From Theater to Real Estate: Broker Spotlight: Irina Shmeleva

By Ivan Pentchoukov
Ivan Pentchoukov
Ivan Pentchoukov
Ivan has reported for The Epoch Times on a variety of topics since 2011.
May 9, 2013 Updated: May 15, 2013

NEW YORK—Irina Shmeleva was a successful actress in Russia before coming to the United States. She played a part in “Kin-dza-dza!,” a famous and poignant satire film, which miraculously made it through numerous layers of Russian censorship.

Shmeleva came to the United States 14 years ago and became a real estate broker last year. She is nowa broker at Weichert Realtors Residential.

The Russian Years

Shmeleva grew up in Kushva, Sverdlovskaya Oblast, near the Ural mountains in Russia. She had a happy childhood, playing sports and dancing. She was the captain of her school’s volleyball team and once traveled to Moscow to try out for the Olympics in short-distance running.

Although she pretended to be studying chemistry, Shmeleva always knew she wanted to become an actress. She traveled to Moscow and tried out for the nation’s top acting university three times. After failing twice she was determined to make it the on the third try.

When Shmeleva was reading her material in front of the admissions panel, one of the panelists was eating a chocolate.

“I was reading a poem and I was thinking I need to read it in such a way that she would stop eating it. So I had a special goal to make her stop eating. And as I was reading she stopped.”

Shmeleva made it into the school on the third try. She was hired to play in a theater upon graduation and starred in many movies before moving to the United States.

Coming to the United States

Shmeleva’s husband, a software engineer, was invited to the United States to work on a project and stayed for five years. He called Shmeleva after five years and asked her to join him. She first arrived in Marlborough, N.J., a neighborhood with a strong Russian presence.

Shmeleva’s work prior to becoming a broker was mostly in marketing. She was the marketing director for a prominent Russian radio station and eventually founded her own company.

Switching to Real Estate

Shmeleva’s husband always nudged her to try real estate, but she never did.

“I had a dream when I was a child. When I was very little, I would always look in the windows in different houses when walking by. I thought that I would like to be a mailman and go into all these different apartments to see how people live. I was always curious.”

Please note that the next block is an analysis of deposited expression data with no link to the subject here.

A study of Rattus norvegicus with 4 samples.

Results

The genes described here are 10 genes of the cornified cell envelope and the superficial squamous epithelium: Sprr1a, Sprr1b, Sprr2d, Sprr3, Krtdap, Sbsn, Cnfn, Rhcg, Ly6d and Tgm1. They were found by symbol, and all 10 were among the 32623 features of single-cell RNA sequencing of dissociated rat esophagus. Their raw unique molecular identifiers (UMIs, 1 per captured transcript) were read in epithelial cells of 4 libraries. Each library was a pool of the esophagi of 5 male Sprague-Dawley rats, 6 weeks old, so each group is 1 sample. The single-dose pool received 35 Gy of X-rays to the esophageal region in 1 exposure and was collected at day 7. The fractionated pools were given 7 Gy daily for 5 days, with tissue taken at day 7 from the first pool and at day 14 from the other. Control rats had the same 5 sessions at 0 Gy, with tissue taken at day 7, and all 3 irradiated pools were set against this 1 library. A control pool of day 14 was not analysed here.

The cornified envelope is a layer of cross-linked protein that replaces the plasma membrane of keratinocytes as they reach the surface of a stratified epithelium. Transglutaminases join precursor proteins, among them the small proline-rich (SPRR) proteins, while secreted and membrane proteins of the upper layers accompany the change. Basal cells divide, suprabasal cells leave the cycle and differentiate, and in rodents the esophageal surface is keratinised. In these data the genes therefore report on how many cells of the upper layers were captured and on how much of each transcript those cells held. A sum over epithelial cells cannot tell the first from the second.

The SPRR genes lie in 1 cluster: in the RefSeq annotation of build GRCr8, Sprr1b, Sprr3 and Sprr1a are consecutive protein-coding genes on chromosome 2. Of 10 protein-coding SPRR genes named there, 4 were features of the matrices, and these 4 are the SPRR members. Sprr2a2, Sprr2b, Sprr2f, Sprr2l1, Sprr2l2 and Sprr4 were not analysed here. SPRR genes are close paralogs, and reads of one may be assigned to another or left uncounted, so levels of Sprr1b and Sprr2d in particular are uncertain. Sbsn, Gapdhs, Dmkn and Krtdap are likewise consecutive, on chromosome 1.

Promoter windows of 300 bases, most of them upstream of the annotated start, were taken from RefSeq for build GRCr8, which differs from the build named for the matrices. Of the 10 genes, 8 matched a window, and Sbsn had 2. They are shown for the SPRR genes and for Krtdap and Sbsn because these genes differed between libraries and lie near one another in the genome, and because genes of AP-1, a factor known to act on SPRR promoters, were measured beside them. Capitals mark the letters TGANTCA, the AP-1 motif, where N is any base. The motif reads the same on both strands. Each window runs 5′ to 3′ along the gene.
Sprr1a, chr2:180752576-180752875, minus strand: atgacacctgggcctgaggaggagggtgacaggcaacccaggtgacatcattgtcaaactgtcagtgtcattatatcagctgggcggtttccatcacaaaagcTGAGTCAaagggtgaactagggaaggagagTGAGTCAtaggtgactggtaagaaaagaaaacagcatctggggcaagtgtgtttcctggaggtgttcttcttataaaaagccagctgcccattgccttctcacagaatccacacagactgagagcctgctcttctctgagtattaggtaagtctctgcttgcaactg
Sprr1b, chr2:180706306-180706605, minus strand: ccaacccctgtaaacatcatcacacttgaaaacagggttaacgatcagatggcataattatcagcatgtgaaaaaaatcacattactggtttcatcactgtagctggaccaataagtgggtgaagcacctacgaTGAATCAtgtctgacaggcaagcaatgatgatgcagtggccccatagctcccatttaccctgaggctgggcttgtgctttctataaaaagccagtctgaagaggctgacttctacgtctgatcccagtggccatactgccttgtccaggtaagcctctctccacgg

Shmeleva said her husband is very supportive and she eventually followed his advice and decided to start working in real estate. After becoming certified in New Jersey she then applied for a license in New York, a process that she said was much easier.


Shmeleva’s first client was a young couple buying their first home. After showing them tens of properties, the couple eventually found a two-bedroom in New Jersey.

Shmeleva said she has had many different clients and that she isn’t limited to just Russians. She had a great time working with Indian clients, and she is currently showing properties to a Chinese buyer who is looking for a two-bedroom apartment with a den in Manhattan in the $2.5 million range.

On the Market

“There isn’t enough inventory anywhere,” said Shmeleva. “Manhattan and Jersey City especially. There are bidding wars. It’s very difficult to see something you like, so if you see something you better grab it and run.”

Despite the difficulties with the market, Shemeleva has been doing quite well. She converted 12 percent of her leads, compared to a 2 percent average company-wide. She attributes some of her success to the support from her company.

“Weichert has the best training ever. They train you all the time,” said Shmeleva.

Smeleva’s manager asked her how she does so well and she wasn’t sure. But the head of Weichert Lead Network told her that she is a “rockstar” because she is great at talking to people after reviewing her phone calls.

“I’m very warm I guess. People say that I’m warm and understanding. I’m always trying to help.”